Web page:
It is an obvious observation that the long-term impact of COVID-19 will be felt far and wide, long after the dust has settled on the periods of lockdown and social isolation.
Whilst normality will return, there will no doubt be some aspects of our behaviour that are permanently changed by the experiences of these past months, particularly where digital technologies have provided solutions to the significant disruption; fledgling technologies have been thrust into the mainstream and given market exposure that would have previously seemed impossible, and positive consumer experiences throughout this period will lay the foundation for exponential growth late in 2020 and beyond.
A recent survey conducted by the Royal Society of Arts found that only 9% of Britons want life to return to ‘normal’ post-COVID19, suggesting there is real appetite for societal change. In light of this, the following sectors (no doubt amongst others) will likely see significant opportunity driven by our recent experiences, and the resulting changes in consumer behaviour.
The closing of the UK’s schools and universities in mid-March, as part of a broader global practice, have left millions of children, teenagers and students facing the prospect of months of home education, overseen by their parents or their own self discipline.
This shutdown has ignited a fire under the Edtech sector, whose technologies have gone from luxury to necessity, providing the tools to ensure learning can continue effectively, and students (and parents) remained engaged with their education. Players have been afforded a unique opportunity to showcase their products across a wide audience, and success here could cause permanent, positive disruption to the sector as whole.
Solutions exist across the entire supply chain, with examples including Teacher Enablement and Content Delivery tools, Learning Management Systems, Parent Engagement solutions, as well as AI-assisted and AR/VR learning platforms. Many commentators believe it is only a matter of time before online education becomes the norm, and our recent experiences will only accelerate this eventuality.
This is not a mature sector, however, with many of the technologies still under development. As such, many players are using the opportunity to offer their products on a free trial basis, however positive outcomes here will no doubt see Edtech establish itself as a boom sector in 2021 and beyond.
Ones to watch; Third Space Learning, BibliU, MarcoPolo Learning, Sparx, Tutorful
Remote Working Technologies
With working from home being the ‘normal’ for the majority of the workforce for the foreseeable future, it is likely that our experiences now will alter our perceptions of this practice, and what can be achieved when working remotely.
Prior to COVID-19, it is estimated that only 5% of the UK’s working population regularly worked from home, meaning huge numbers are now experiencing this practice for the first time. As workers become more comfortable with this arrangement, it is likely that large numbers will expect greater flexibility to work remotely once normality returns, and employers will need to be sympathetic to these expectations. Outdated attitudes here could be potentially harmful to company morale and productivity, so this shift in mindset will be important for companies to consider.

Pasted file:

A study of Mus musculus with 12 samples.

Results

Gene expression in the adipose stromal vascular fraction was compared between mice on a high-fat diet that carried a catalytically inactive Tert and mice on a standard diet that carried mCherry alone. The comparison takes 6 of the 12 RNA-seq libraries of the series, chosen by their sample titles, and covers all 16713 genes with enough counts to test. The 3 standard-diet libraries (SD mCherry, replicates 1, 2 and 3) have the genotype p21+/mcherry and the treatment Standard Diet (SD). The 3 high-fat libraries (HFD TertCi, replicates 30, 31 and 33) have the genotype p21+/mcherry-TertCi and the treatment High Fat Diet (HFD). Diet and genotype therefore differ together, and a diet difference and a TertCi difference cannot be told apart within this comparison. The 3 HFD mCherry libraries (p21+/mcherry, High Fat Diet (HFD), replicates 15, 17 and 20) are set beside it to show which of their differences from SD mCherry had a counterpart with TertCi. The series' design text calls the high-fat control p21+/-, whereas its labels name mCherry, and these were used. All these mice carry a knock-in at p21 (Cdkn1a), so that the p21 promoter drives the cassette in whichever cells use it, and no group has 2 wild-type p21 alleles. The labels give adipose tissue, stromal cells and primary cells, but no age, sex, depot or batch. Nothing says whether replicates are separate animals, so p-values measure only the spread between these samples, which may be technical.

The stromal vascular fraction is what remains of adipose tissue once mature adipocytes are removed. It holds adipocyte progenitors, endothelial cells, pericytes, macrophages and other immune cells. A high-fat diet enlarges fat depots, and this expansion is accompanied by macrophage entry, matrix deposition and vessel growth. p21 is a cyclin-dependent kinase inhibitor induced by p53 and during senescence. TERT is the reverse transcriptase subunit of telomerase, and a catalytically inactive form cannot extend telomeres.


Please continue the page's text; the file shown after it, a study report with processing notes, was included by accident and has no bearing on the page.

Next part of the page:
Digital Collaboration Tools are not new; geographically dispersed businesses have used these technologies for years, and in 2019 the market was estimated to be worth over $30 bn. Technologies such as video conferencing, project management, analytics and file sharing tools, enterprise social networks and employee portal platforms are already mature, however demand is set to grow exponentially as more widespread remote working practices are adopted, giving start-up players ripe opportunity to challenge the established providers.
Additionally, with this sudden growth, new opportunities will arise as the ecosystem expands; for example, as more and more employees work from home, solutions to foster company culture and employee retention, promote employee socialisation, and support employee mental health and combat loneliness will become critical to company success.
Ones to watch; LoopUp, Huddle, Starleaf, Cognisess, Unmind, Hive HR
Another human behaviour that looks set to alter significantly following our experiences with COVID-19 concerns our approach to fitness, with millions of gym-goers forced to consider other approaches to exercise after the doors shut in early March.
Fitness Technology has been gathering momentum in recent years, showcased by Google’s $2bn acquisition of FitBit in January this year, and Peloton’s $1.1bn IPO in 2019, however as consumers look for new ways to keep exercise varied and interesting whilst in lockdown, digital solutions supporting home exercise have a better market opportunity than ever before.
Apps offering training guidance, exercise programmes and tracking, socialisation and gamification have seen significant uptake, and positive consumer experiences here combined with a different attitude to enclosed public spaces may drastically alter how we approach exercise once normality returns. This is a particularly fragmented market at present, so opportunities will be extensive should our approaches indeed change significantly.
Ones to watch; Freeletics, Aaptiv, 8fit, Virtuagym, WatchFit
Whilst this is not an exhaustive list of sectors, and there will of course be other technology markets that are presented with significant opportunities due to experiences of COVID-19 and the subsequent lockdowns (e-commerce, healthtech, cleantech for example) these will be the areas that I will be keeping a keen eye on, and I’m intrigued to see how these develop in the coming months.